Some bills weaken cities

April 9, 2013 

One wants to stand up, there in that area between the House and Senate chambers on the second floor of the Legislative Building, and shout, “Guys, we’re all on the same side!” What in the world are legislators thinking with several bills that would weaken cities, including some costing them sizable sums of money?

Consider some measures now in the hopper in the legislature: One would take control of the world’s sixth-busiest airport, Charlotte Douglas International, from the city and put it in the hands of an independent, regional authority. Apparently, now that former Queen City Mayor Pat McCrory is now Gov. McCrory, some Charlotte-area Republicans aren’t as happy with the city’s leadership. Sen. Bob Rucho of nearby Matthews says city officials want control “for their personal agenda rather than what is best for the economic future of the airport, the city and the region.”

It’s hard to know what that’s about, but it sounds like somebody from the city made the senator mad and it’s payback time.

And, of course, there’s the move from Republicans to tear up the City of Raleigh’s lease for the Dorothea Dix property for use as a park. Legislators from outside the region were mad because former Gov. Beverly Perdue, a Democrat, made the deal in the last days of her administration. So does anybody think this might be about, say, partisanship?

Many others

Other bills would take away Asheville’s control of its water system and stop the city from using water utility revenues for street repairs that are needed because of installing underground water lines. Gee, is it any coincidence that Sen. Martin Nesbitt, Democratic leader in the upper chamber, is from ... Asheville?

And there are others: easier rules on homebuilders that would limit cities’ ability to oversee and control development; the end to franchise and business privilege license taxes at a huge cost to cities.

It appears that some suburban legislators think the cities have gotten too big for their britches, which is a mighty narrow-minded and curious way to look at the urban growth that’s happened along the state’s east-west Interstate highways in the last 20 years. Much of the population growth in North Carolina has been, quite naturally, around the cities.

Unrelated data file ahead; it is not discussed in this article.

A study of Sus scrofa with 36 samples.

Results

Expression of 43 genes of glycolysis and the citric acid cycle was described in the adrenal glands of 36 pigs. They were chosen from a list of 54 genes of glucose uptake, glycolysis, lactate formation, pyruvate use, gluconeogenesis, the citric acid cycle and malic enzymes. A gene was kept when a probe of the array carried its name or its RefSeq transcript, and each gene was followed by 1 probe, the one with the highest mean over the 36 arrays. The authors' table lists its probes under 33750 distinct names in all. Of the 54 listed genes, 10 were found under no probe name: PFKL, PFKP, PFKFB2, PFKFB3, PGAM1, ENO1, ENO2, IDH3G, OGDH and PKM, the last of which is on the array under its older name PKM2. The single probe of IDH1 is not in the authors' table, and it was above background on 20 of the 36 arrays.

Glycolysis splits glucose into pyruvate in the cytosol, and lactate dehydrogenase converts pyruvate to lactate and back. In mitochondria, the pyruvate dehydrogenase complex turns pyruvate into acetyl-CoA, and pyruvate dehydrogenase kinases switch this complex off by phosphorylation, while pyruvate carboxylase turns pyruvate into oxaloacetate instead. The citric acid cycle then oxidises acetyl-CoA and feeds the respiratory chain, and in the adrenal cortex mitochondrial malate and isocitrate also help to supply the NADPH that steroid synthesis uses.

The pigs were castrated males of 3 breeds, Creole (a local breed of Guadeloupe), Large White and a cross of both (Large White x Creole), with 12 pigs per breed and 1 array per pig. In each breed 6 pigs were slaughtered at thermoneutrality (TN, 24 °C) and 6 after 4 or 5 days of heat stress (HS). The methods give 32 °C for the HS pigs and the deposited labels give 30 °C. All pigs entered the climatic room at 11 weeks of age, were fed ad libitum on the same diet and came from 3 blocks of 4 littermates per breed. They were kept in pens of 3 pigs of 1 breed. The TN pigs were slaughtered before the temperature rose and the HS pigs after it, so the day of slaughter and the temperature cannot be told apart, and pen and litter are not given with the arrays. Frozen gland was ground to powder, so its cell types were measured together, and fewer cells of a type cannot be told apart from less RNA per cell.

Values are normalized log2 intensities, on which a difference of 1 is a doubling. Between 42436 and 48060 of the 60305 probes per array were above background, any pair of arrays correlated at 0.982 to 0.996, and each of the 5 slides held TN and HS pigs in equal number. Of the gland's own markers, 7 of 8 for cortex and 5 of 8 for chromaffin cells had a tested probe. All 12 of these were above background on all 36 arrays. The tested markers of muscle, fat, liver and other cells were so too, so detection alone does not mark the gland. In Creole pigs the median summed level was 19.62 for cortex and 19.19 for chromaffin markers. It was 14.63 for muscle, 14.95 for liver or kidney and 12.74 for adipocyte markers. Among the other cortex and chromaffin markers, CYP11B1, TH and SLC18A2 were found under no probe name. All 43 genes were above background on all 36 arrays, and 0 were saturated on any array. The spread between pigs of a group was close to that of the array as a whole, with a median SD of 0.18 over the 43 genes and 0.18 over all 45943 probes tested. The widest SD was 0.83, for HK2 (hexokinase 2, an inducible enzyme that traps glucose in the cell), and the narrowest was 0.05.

And without that, the suburbs would be smaller or nonexistent.

Why Speaker Thom Tillis, who ought to know better, would buy into the idea that diminishing the cities’ assets will somehow be “putting more power in the hands of the individual property owner” is mystifying. If the cities are strong, the suburbs are stronger. The financial success of cities builds the areas around them. It drives road-building and mass transit. It means more services such as hospitals for everyone within a reasonable radius of the city.

A historic divide

There always have been tensions between urban and rural lawmakers. Because the more rural areas tended to send people to the General Assembly for many terms, those legislators became powerful with seniority and knowledge. In fact, there were times when legislators from the cities were the least powerful on Jones Street.

Even now, there’s some of that, with Tillis from a Charlotte suburb, Cornelius, and Sen. Phil Berger, president pro tem of the Senate and the Republican leader, from Eden. Tom Apodaca, a Hendersonville Republican senator, says he senses a feeling “that cities have too much power and want to control everything.”

Considering the leadership in the House and Senate, it’s hard to see how cities could in fact control everything even if they wanted to do so. But to declare war on cities, while it might provide convenient political targets, just isn’t smart for the state. Business recruitment, universities, medical services and transportation hubs all tend to be linked to cities.

Ellis Hankins, long-time head of the state League of Municipalities, rightly says diminishing cities will be bad for the state in the long term. “We don’t need to take bricks out of the foundation,” he said.

Because, yes, we’re all on the same side.